Art Project Share 2: Soldered Little Books
Inspiration, images and tips
By Lynne Suprock
When I was a little girl, I wrote stories for, and read them to my dolls. I used shirt cardboard and crayons and of course there had to be glitter in the making of them. Today, I still love these little books and have been lucky enough to make a few of my own dolls, so that they may each have a book or two or many.....actually I have book cases for them!
As an artist with tremedous tool spirit, I found that soldered metal became the perfect media for making strong little books, to display or to wear, so I could continue my childhood book making obsession. I also love the idea of using scrap leather to make the binding and transferring images to make my own titles. Being able to write my own stories inside is just icing on the cake. A special touch to the front covers are recycled family jewels in the samples below.
Certain people in my life have also been true inspirations, not only as artists, but as friends. I am blessed and I love to give back when I can. It has been a rewarding and fulfilling experience to make a meaningful piece for people who mean so much to me.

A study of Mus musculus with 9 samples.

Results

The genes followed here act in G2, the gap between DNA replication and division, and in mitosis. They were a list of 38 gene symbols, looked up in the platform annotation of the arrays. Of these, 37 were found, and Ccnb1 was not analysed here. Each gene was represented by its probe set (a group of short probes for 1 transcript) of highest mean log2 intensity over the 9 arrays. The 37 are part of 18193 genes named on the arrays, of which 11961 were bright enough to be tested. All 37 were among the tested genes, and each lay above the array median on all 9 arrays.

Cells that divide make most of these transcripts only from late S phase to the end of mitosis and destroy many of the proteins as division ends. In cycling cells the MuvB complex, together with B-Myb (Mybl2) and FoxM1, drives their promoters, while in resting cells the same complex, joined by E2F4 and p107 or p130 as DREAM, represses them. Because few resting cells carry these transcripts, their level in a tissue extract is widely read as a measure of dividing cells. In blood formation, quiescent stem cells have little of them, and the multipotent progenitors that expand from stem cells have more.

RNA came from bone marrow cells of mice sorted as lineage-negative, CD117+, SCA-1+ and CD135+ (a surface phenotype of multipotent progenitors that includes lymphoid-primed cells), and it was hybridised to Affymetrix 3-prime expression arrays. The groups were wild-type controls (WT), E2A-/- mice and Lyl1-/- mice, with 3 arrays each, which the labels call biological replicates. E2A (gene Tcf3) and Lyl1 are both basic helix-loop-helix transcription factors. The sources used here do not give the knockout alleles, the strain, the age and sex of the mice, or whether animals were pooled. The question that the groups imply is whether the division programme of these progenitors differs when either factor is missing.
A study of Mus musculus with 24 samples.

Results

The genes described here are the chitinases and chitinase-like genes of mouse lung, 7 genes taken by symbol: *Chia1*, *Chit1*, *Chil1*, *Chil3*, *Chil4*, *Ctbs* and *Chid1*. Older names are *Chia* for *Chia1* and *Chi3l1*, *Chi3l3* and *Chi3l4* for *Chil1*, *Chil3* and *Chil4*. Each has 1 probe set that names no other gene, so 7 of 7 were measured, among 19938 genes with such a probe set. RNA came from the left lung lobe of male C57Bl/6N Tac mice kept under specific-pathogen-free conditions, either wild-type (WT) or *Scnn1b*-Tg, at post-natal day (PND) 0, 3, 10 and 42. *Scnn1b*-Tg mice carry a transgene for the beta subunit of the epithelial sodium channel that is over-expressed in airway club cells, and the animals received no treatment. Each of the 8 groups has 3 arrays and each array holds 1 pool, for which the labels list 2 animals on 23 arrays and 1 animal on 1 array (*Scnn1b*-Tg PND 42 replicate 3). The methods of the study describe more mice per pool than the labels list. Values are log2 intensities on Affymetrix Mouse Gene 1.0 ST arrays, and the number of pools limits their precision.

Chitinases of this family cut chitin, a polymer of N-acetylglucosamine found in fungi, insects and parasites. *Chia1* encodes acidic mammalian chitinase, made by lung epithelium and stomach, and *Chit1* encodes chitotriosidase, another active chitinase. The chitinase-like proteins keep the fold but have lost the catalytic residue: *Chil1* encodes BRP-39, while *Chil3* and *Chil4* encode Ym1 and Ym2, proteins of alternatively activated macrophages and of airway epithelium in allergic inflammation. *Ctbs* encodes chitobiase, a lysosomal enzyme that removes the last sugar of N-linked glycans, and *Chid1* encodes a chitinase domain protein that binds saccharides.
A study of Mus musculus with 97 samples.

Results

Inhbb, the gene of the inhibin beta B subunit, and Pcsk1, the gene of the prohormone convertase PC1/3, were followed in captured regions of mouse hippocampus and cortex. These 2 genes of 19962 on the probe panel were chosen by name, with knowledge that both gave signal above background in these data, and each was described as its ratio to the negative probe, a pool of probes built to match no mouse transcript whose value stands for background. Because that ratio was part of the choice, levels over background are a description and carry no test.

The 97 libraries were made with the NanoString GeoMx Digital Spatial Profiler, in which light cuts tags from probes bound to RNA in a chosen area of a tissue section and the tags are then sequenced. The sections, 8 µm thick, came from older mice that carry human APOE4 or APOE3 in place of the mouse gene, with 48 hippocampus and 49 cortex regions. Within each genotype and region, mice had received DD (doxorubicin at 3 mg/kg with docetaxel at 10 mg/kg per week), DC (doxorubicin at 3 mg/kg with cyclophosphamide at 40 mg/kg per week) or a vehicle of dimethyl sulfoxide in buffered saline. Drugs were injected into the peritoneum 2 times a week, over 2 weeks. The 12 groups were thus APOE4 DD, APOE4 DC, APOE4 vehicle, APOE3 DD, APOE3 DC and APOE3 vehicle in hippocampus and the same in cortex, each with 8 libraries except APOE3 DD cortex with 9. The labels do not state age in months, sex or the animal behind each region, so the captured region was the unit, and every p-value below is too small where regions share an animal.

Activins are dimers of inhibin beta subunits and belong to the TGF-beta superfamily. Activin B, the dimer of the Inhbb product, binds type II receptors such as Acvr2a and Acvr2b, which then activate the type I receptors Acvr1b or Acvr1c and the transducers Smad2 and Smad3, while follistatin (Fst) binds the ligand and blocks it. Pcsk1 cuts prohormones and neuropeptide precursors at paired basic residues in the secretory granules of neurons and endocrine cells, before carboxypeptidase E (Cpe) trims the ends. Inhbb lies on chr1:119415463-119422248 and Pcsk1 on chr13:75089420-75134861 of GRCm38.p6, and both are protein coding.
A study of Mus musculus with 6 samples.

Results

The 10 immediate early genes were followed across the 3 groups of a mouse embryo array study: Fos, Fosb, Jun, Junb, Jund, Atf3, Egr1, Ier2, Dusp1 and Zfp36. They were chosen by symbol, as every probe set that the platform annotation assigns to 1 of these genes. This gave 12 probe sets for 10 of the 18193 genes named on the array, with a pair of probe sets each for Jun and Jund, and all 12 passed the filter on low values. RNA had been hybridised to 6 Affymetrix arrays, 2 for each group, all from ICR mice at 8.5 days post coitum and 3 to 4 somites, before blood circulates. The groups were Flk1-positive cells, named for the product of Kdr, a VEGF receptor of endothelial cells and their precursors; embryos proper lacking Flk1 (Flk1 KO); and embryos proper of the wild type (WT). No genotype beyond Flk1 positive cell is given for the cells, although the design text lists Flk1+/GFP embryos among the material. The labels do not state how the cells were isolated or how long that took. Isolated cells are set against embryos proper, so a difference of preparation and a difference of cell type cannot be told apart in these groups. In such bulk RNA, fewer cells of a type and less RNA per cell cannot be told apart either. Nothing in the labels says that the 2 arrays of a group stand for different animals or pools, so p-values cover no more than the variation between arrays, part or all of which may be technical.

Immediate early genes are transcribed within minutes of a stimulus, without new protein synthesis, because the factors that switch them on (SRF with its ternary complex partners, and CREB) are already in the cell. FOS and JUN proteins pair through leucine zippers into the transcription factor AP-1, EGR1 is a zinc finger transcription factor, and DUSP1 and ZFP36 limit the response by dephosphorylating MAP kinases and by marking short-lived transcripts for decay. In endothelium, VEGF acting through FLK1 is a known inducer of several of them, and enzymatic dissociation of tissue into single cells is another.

Another inspiration comes with product. I met a fantastic beadmaker when I was teaching workshops and vending at Beadfest, Philadelphia, Heather Boardman of HMB studio. I fell in love with both Heather and her beads. They became part of my book plan for a series incorporating" Kaloops". See beautiful examples of Heather's Kaloops online at:
As well, there is a bit of ego involved when it comes to challenging myself with my work. I am my own worst critic but that ego drives me to a better place and gives me the persistance I need to create outside the box. A couple years back, I entered these books for publication in Lark Books. Yay! I was very excited to be accepted with book pieces published. I remember taking a day to savor the moment, patting myself on the back, then moving on the next day to work on my next idea!
SOME TIPS: When soldering for wear, use a lead free solder and one with a higher silver content. Silvergleem by Canfield is a good option. There are others available as jewelry grade, as well. Always use good ventilation, wear a solder fume mask and run an air filter to prevent absorbing any smoke or fumes into your lungs.
The hinge apparatus in some of my books are metal tubes, cut to size and soldered to both front and back plates. A hand formed wire then slides in and out of the back tube. A spiral prevents the wire from sliding completely out. Experiment with different closures.
When heating the fluxed copper plates, make sure you bring the copper up to temperature before applying the solder so it flows easily across the metal. For these books, you need only to solder the front part of both plates.